Posted on 27th July 2020

Only part of the changes are really implemented – 1. part

news-paper Agile | News |

We once commented on this topic and now we have looked at it from a different perspective. In this post, it will be about 1. the questions: what, why and how? and 2. VUCA acronym.

Why does change management fail?

Transformations have a miserable success rate. Not only in the corporate sphere but also in all aspects of our lives. 

The usual suspect is wrong change management – the method or execution itself. In this case, we are trying to improve execution, but with no significant results. We are continuing to try even harder. Expected results are still not there and we are even facing new unexpected challenges.

We should focus rather on WHAT needs to be changed and WHY, rather than methods as the first key to success.

Before worrying about HOW to change, the organization needs to figure out what to change – and which of the changes has the highest priority for now.

Change in context

Organizations and individuals are not living in bubbles. We live in a fast-changing world – the VUCA world.

Man with Vuca acronym

There are myriads of forces impacting us every day – we need to develop efficient strategies for handling those forces. But, we need to understand the change drivers first.

The main drivers of the changes are:

  • Disruptive economy – disruptive businesses models can appear at any time anywhere (self-driving cars, fintech, edutech)
  • Gig economy – commoditization of work and expertise on demand
  • Cloud and Low-No code platforms – running businesses and application without owning the infrastructure and skills
  • Online presence – you can appear as a large operation without any office
  • “Black swan” events – unpredictable situations, instability

We need to understand:

  • What is the nature of the change?
  • Why is the change happening?
  • What are the risks of not changing?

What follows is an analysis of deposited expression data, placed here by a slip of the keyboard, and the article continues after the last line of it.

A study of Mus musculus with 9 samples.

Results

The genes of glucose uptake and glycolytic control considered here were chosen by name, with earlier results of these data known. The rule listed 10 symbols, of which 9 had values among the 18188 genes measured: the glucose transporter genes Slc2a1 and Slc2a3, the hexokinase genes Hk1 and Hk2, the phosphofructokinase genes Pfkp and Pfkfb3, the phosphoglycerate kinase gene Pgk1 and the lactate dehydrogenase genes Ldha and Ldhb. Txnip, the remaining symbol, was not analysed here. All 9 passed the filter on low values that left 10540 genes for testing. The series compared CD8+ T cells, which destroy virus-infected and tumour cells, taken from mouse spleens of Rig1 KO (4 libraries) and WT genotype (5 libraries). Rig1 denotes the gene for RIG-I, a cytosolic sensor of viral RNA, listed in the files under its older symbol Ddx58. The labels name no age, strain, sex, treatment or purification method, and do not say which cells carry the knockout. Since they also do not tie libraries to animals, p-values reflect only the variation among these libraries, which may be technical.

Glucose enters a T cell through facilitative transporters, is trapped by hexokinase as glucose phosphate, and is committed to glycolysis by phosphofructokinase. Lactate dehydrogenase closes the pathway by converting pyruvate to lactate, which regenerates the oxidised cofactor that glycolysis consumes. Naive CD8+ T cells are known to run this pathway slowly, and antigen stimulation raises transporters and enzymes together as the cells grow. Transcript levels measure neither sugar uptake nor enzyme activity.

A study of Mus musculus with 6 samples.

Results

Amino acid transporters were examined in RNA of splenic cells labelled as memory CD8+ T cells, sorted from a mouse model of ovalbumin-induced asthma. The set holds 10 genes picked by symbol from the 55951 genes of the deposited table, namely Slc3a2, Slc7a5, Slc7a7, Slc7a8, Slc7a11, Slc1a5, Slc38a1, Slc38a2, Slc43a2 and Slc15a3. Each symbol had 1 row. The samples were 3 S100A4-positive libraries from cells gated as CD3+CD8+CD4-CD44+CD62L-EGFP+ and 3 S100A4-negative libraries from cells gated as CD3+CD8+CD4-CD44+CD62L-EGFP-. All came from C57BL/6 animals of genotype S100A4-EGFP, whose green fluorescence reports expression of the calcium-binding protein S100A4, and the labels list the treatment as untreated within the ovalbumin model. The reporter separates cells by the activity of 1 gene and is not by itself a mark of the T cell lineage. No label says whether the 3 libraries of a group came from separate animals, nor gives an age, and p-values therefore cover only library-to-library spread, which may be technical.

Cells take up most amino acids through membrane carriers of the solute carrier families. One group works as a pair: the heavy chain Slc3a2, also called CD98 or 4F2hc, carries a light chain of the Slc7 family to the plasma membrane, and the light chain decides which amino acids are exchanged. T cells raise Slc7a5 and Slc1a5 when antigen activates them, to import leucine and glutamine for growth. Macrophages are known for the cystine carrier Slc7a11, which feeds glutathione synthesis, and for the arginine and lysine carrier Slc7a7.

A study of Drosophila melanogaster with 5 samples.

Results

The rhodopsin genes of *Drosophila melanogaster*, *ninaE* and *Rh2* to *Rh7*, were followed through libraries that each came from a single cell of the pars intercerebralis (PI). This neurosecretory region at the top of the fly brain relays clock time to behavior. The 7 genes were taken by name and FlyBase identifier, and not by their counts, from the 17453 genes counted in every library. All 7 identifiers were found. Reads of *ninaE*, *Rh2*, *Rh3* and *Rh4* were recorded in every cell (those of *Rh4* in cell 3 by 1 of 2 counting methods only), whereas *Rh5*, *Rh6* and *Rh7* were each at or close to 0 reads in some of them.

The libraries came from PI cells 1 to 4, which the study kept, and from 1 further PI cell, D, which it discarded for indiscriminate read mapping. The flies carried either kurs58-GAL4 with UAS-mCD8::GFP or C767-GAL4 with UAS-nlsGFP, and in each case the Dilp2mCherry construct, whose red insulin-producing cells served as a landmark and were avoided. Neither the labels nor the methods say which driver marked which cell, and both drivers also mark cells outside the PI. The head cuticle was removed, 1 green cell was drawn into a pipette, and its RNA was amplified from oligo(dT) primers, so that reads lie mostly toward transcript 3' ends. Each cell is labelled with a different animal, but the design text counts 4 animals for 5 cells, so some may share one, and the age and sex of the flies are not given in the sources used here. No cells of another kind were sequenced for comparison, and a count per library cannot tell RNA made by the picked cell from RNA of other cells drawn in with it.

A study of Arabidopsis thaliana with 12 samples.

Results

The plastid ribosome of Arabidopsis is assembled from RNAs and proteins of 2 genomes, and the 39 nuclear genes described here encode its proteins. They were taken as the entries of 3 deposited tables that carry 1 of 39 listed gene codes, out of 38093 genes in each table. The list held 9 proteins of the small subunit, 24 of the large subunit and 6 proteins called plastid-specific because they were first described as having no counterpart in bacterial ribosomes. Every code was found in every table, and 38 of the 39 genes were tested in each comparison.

Content or method of change?

The first suspect that will be blamed is the implementation and execution of the change. Maybe the change team as well. We can read thousands of books about change management (10000+ results on Amazon) or get numbers of online or in-person training.

We are trying to get better at execution, and many times we are ignoring the content of the change.

Imagine, there are 2 companies – the first one is perfect in execution, but lacking the change content (e.g. new product). The second one knows WHAT and WHY to change, but lacks the execution.

Which one would you choose for the beginning? Right content or implementation? What needs to change in each company in order to succeed? Do you have the right skills to change your organization?

Choose the right WHAT for change

Based on the research there are five prototypical change challenges “WHATs” that should be taken into account.

  1. Scaling – going global, scaling company throughput and operations
  2. Customer experience – improving CX, going deeper into customer’s problems usually using human-centered methods (Design thinking, Service design, HCD)
  3. Capability – simplification, digitalization, cooperation using agile methods
  4. Innovation – researching, creativity, prototyping and fast evaluation of the hypothesis
  5. Sustainability – green, social responsibility and inclusion

All their prototypical change challenges have their enablers, blockers, and best practices. Before going into the change itself, first, consider where the change fits in and what is the efficient strategy to deal with each type of change.


Each organization lives in the context and needs to change because of the drivers that exist in the current VUCA world. Before going into HOW to change, first consider WHAT needs to be changed and WHY. In order to develop the right winning strategy for WHAT to change you need to understand the enablers and blockers of each prototypical change challenge.

Focus on one change in time. This change should have a clear and uncontested priority for the whole organization. Pursuing too many “WHATs” at once is a recipe for failure.

In the second part, we will take a look at the second key for successful change – managerial skills.